How to Prevent the Spread of Coronavirus on Public Transport



The coronavirus is spreading fast across multiple countries around the world. To protect yourself, you should be aware of the virus’s spreading mechanism and how to avoid catching it while traveling on public transport.

How Does the Coronavirus Spread

The virus is thought to spread through cough and sneeze droplets that land on common surfaces. When your hand comes into contact with these droplets and you unknowingly use it to touch your face, nose, or eye, the virus can get into your body. People traveling on public transport such as trains, buses, or metros are six times more likely to contract the virus, according to a study published by the Telegraph.

How to Protect Yourself

Underground and Trains

Even though several public transportation agencies across the country are putting up measures to prevent the outbreak, including regular sanitization and disinfection of the commonly touched surfaces, you need to take an active role in protecting yourself. Seats and handrails are two of the most commonly touched surfaces on trains and tubes. Those commuters who take long journeys are most exposed to contraction risk since they come in contact with more people and more shared surfaces. To protect yourself, avoid traveling at peak times when the trains and tubes are crowded. Carry a dry hand sanitizer with you and wash your hands immediately after leaving a high-risk area. Refrain from touching your face, especially the nose and mouth, before washing your hands.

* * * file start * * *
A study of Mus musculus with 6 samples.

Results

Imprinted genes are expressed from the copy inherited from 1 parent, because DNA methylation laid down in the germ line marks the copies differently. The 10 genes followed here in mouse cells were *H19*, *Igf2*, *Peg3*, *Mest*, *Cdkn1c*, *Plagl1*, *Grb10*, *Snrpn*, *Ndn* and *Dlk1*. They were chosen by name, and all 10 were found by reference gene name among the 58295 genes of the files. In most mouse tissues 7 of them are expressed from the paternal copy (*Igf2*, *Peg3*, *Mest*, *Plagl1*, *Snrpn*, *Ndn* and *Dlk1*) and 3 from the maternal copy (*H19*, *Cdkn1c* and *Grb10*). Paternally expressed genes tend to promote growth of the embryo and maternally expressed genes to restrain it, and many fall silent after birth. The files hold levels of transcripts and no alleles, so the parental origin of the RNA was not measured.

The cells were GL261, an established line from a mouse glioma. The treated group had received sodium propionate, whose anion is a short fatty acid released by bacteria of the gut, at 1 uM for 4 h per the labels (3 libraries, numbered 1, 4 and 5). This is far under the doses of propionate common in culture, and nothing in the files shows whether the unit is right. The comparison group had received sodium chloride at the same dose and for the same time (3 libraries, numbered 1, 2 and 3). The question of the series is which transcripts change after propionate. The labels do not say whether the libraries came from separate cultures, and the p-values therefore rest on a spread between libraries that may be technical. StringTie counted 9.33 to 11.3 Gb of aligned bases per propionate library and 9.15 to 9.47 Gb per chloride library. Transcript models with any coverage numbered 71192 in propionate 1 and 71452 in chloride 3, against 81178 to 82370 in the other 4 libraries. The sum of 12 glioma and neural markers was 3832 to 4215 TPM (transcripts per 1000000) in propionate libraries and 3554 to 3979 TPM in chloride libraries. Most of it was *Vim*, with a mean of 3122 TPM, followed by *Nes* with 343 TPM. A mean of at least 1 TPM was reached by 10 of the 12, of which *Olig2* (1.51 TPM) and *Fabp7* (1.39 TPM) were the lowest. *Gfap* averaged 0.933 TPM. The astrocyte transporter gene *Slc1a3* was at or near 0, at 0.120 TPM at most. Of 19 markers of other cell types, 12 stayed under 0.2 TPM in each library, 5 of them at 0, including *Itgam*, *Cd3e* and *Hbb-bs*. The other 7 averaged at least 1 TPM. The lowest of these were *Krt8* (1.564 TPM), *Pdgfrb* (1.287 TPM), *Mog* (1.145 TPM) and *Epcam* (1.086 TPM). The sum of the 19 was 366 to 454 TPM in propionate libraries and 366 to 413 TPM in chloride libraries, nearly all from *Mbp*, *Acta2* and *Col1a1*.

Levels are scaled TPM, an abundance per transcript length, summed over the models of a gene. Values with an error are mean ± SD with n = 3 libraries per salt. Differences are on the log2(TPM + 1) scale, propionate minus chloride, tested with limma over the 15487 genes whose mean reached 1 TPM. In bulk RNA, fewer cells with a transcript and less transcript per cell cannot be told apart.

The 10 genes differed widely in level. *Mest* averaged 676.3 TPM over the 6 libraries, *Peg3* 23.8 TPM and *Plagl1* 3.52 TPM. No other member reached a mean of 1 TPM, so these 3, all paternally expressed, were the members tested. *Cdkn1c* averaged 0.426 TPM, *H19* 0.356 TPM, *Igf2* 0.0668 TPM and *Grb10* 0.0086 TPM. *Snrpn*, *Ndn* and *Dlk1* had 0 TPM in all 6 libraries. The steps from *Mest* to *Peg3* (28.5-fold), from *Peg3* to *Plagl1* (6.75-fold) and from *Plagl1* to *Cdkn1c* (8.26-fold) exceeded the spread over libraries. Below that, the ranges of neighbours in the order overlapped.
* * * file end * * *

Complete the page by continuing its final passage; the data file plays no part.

Mobile Phone Usage

Most people have the habit of using their mobile while using public transport. There’s nothing wrong with it, but during an outbreak, your mobile may become a source of contagion. Virus droplets could land on your phone when you are in close proximity to an infected person. These droplets can stay active for hours after you have left the bus or train. That’s why it’s recommended that you put away your mobile phone in a safe place and clean the screen with antibacterial wipe frequently.

Using Taxis

Even though relatively safer than the public transport system, there are still many potential risks associated with using taxis. Being confined to an enclosed space, you may be exposed to droplets if the driver sneezes or coughs. That’s why security experts recommend sitting in the back seat. This way, you are distancing yourself from the driver and the droplets are much less likely to land on you.

Flights

The University of Nottingham found out that security checks are among the most high-risk areas in any airport. About 50% of the plastic luggage trays contain common flu viruses. These trays are touched by thousands of people daily and rarely washed. That’s why they are considered even dirtier than the airport’s toilets.  Carry a hand sanitizer with you at all times when flying and use it immediately after passing security check or after touching common areas such as escalators’ handrails or the armrest on public seats in the waiting area.

Avoid Eating and Drinking in Public

It’s highly likely that you’ll touch your face while eating or drinking. Instead, treat this period as an opportunity for you to cook for the family and enjoy valuable time together. If you live alone, why not experiment with different recipes that you haven’t tried before?

Keep Up with the Latest Recommendations from the Local Authority

It’s easy to act out of panic when the possibility of an epidemic is so close. However, the wisest thing to do is to remain calm and follow instructions from the local authority. There is a lot of erroneous information at this sensitive period of time. Use your own judgment and follow all safety measures closely. You’ll be fine.